Christine Lagarde, managing director of the International Monetary Fund, recently gave an interview to a British newspaper, The Guardian, in which she criticized tax dodgers in Greece. Then Lagarde became a target of criticism herself, when The Guardian reported on Tuesday that as head of the IMF she paid no taxes on her yearly salary of $467,940, or her accompanying annual allowance of $83,760.
The next day, CNBC rushed to Lagarde’s defense, with an article pointing out that Lagarde’s tax-exempt status is standard for employees of the United Nations family of organizations, which includes the IMF. Quoting the Vienna Convention on the immunities of “diplomatic agents,” CNBC noted that, like her predecessor, Lagarde was merely enjoying privileges that were hers by right:
“Protest against her, and you protest against thousands of UN employees throughout the years.”
Well, come to think of it, what a great idea!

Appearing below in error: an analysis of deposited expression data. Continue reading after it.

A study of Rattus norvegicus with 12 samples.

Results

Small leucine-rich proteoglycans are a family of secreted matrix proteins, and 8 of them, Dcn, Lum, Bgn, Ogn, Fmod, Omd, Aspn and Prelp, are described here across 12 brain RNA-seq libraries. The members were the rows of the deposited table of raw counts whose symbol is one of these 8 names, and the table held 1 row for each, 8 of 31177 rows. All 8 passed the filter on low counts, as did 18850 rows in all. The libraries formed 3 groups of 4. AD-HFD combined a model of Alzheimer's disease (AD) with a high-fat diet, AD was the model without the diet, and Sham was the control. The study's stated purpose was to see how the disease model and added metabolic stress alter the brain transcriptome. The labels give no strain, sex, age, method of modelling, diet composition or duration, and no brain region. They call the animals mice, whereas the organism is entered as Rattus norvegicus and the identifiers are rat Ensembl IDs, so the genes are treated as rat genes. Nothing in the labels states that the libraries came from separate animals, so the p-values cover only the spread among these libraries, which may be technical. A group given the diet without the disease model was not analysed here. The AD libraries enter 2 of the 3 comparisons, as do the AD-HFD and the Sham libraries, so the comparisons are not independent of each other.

Diplomatic immunities have their place. But they derive from an earlier age of the world, when diplomats concerned themselves chiefly with representing their own countries, and there was no vast family of globe-girdling multilateral organizations trying to cook up rules for all, while draped in diplomatic privileges. Today, in the age of the UN alphabet soup, and a global hive of “international civil servants” plotting 5 and 10 and 15 and 50 year plans for the planet, diplomatic immunities have come to provide cover for a growing elite bureaucracy — the 21st century version of the old Soviet nomenklatura, communism’s administrative patrons, who dished out to the peons the stifling rules from which they themselves were substantially exempt.